One man's trash is Lucky Day's treasure.
The mere thought of going for a walk with his father around their neighborhood to pick up trash puts a big smile on the 9-year-old's face and gives him the giggles.
The boy's obsession with all things garbage landed him an award from Huntington Beach on July 21 for keeping streets, parks and beaches clean.
The City Council chamber was filled that night with mobile-home park owners and others ready to debate rent control. However, differences were put aside for several minutes during the meeting to applaud the youngster for his efforts.
Rainbow Environmental Services, a local waste-management company, gave Lucky a gift: a belt with the words "Lucky Day is a Huntington Beach environmental champion" on the buckle.
Lucky — sporting a black dress shirt, striped tie and freshly trimmed mohawk haircut with blue and fuchsia tips — was awestruck by the gift and had his father put the belt around him.
"It makes my heart really glad to see a little boy like this, who has issues in daily living, making the best of his situation," said Sue Gordon, spokeswoman for Rainbow.
'He just fell in love with it'
In a typical week, Lucky — armed with his bucket and toy grabber — and his father, J.D. Day, will take several dozen walks around their neighborhood. On occasion, they will venture to Los Angeles and points farther south to pick up trash.
The boy will find the occasional miniature liquor bottle, socks and other discards. The dad's job is to keep him safe and out of Dumpsters used by medical practices. What Lucky lacks in bulk collected he more than makes up for with sheer determination and enthusiam. Because he is autistic, he seems more fascinated by the motions of picking up trash than the actual societal benefit of it.
In fact, the Day family says it is a way to help Lucky deal with his developmental disorders.
Lucky was born six weeks premature and was later diagnosed with moderate to severe autism, severe attention deficit hyperactivity disorder (ADHD) and oppositional defiant disorder, a condition in which a child argues, throws fits or knowingly does something he or she is not supposed to, according to Trip Day, Lucky's mother.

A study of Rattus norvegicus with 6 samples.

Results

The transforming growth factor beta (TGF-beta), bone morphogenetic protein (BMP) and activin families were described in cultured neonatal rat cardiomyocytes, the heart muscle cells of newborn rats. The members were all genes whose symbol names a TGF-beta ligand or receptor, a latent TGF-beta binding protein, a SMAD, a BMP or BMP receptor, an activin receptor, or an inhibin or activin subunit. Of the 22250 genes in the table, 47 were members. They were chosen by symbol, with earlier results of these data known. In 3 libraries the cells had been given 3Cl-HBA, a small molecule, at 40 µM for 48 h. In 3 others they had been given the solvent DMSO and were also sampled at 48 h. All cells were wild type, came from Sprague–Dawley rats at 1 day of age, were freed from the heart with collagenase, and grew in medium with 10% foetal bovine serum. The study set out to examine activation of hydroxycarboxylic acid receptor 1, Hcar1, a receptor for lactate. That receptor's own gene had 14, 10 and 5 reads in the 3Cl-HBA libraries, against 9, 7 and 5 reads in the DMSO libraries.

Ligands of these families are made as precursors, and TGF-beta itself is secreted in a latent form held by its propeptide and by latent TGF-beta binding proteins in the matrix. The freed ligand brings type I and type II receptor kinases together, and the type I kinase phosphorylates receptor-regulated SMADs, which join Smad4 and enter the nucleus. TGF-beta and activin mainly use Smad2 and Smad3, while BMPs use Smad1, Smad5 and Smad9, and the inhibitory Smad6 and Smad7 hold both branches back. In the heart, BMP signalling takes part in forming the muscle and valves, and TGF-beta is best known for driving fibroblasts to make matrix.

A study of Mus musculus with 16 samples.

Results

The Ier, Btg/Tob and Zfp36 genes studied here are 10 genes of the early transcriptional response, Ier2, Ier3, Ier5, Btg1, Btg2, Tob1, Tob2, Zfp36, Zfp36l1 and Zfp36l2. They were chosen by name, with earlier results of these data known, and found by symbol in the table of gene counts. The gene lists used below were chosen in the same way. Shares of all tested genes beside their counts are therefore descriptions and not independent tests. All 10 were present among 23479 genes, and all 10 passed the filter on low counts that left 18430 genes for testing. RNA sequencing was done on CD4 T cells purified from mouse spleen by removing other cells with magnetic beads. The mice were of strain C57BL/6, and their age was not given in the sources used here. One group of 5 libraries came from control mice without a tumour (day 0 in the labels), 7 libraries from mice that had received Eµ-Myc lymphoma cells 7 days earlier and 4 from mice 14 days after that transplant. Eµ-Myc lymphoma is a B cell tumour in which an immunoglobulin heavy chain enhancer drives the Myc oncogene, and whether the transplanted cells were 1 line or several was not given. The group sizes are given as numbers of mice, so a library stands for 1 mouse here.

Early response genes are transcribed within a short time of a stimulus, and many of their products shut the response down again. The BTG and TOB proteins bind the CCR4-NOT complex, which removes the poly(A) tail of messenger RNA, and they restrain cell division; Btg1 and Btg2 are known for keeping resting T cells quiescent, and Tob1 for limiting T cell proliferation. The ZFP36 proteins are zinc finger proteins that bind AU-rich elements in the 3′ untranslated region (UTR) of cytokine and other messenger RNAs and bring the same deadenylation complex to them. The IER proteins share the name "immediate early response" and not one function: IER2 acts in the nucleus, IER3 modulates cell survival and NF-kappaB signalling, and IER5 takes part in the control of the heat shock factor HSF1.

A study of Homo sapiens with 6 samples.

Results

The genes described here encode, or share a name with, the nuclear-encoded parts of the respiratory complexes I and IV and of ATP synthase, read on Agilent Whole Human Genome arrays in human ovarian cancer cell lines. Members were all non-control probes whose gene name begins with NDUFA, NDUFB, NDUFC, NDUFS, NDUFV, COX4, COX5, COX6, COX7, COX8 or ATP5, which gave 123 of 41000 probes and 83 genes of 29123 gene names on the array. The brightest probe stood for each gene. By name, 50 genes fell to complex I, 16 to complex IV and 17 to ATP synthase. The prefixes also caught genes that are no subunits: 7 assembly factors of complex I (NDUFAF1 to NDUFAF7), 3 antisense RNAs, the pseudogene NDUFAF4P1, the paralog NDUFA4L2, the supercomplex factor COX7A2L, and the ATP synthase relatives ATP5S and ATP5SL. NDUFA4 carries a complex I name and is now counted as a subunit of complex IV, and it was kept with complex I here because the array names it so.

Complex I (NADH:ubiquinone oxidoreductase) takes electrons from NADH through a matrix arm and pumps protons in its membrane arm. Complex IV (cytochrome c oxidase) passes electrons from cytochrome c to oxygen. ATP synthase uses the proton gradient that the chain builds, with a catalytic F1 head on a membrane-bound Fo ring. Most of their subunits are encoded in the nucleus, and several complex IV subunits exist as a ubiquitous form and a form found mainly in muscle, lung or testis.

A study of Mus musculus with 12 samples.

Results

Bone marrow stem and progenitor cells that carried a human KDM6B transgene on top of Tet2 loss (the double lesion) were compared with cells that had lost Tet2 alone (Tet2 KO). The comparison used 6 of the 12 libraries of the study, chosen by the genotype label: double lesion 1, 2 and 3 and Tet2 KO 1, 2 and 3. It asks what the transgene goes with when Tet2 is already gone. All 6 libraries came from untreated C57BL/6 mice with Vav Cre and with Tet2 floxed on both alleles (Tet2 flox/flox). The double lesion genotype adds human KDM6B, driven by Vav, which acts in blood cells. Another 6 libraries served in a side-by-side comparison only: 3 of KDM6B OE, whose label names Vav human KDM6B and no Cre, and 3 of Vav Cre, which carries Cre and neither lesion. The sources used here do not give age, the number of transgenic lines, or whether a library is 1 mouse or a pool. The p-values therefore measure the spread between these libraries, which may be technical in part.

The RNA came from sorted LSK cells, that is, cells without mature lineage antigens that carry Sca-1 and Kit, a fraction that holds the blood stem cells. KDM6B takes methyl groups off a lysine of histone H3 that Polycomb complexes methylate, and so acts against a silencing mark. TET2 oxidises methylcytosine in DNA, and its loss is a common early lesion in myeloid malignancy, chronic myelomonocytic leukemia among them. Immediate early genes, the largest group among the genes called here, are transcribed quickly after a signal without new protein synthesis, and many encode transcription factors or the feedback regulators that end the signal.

"Normally, we get such a negative response that our kid picks up trash," she said. "It's trash, and people don't like trash. And if they see somebody picking up trash, they assume it's a trash digger. Some people think we're making him do it, but he just fell in love with it."
Trash is no fleeting fascination
Take a step into Lucky's room and it's immediately evident that he loves everything associated with trash. Lined up on the carpeted floor are about 30 garbage trucks of various sizes. On a wall hangs a high-visibility jacket and a replica Rainbow employees uniform.
His window curtains are the highlight of the room, created by his mother to look like a Rainbow trash bin.
Every child goes through phases, and Lucky is no exception. However, his obsessions are different from a typical child's.
He is currently fascinated with McDonald's, not for its Happy Meals but for its menus.
"It's all about the menu sign in the drive-through and what little promotions or specials they have on there," said J.D. Day. "He likes to get pictures of those, and he knows [the menu] switches from breakfast to lunch, and that's a big thing in itself. You camp out and you wait for this person to come out and switch the sign and you film them."
Previous hobbies included collecting "Brown Bear, Brown Bear, What Do You See?" children's books, adhesive note pads and flags.
Trip Day said Lucky was "in heaven" during the Fourth of July celebration this month, when seemingly everyone had a flag in hand. But the following day, his obsession with flags vanished, just like many of his other fascinations, she said.
Lucky's love of garbage, on the other hand, has continued to grow since he picked up the hobby when he was 4.
Though he was nonverbal until he was 5, he was able to use the family computer and search for "Rainbow Environmental Disposal" on a web browser before he learned how to speak, said Trip Day, who stays at home as Lucky's caretaker.
"We kept waiting for [his obsession with] trash to go away like that, but it's just evolved rather than disappear," she said. "So I'm pretty sure this is his thing. We're five years deep in this, and it's stronger than ever."
Providing a 'purpose'
The Friday after Lucky received his award from the city, he and his father geared up for one of their many trash walks around the neighborhood.
J.D. Day, a 38-year-old tattoo artist who works at Port City Tattoo in Long Beach, said he and his son will go on about 20 walks a day, picking up trash and placing their findings in garbage bins along their route.
"It's more about having something to dump in the Dumpster rather than cleaning up," Day said as he watched his son prop open a bin lid with a toy grabber and empty his blue Lowe's bucket filled with a leaf and a sock he found along the way.
Day also accompanies his son to McDonald's and on their 7-mile weekend trash walks from Beach Boulevard and Pacific Coast Highway to Harbor House Café in Sunset Beach.
"There's times where I may be wishing for a different situation or that I can do things with him that normal dads and sons do," Day said. "But at the same time, I realize and I remind myself that we are actually closer than a lot of dads and sons, even though we can't do all those normal things."
He said he doesn't mind walking hours in the sun picking up trash or visiting multiple McDonald's in one day as long as Lucky is with him and enjoying himself.
"Every single day for the rest of my life will be revolving around what I could do best for him," Day said. "It can be overwhelming sometimes, but I truly love him so much that I don't have a problem with it, and in some ways, it gives me a true purpose in life that I can't deviate from."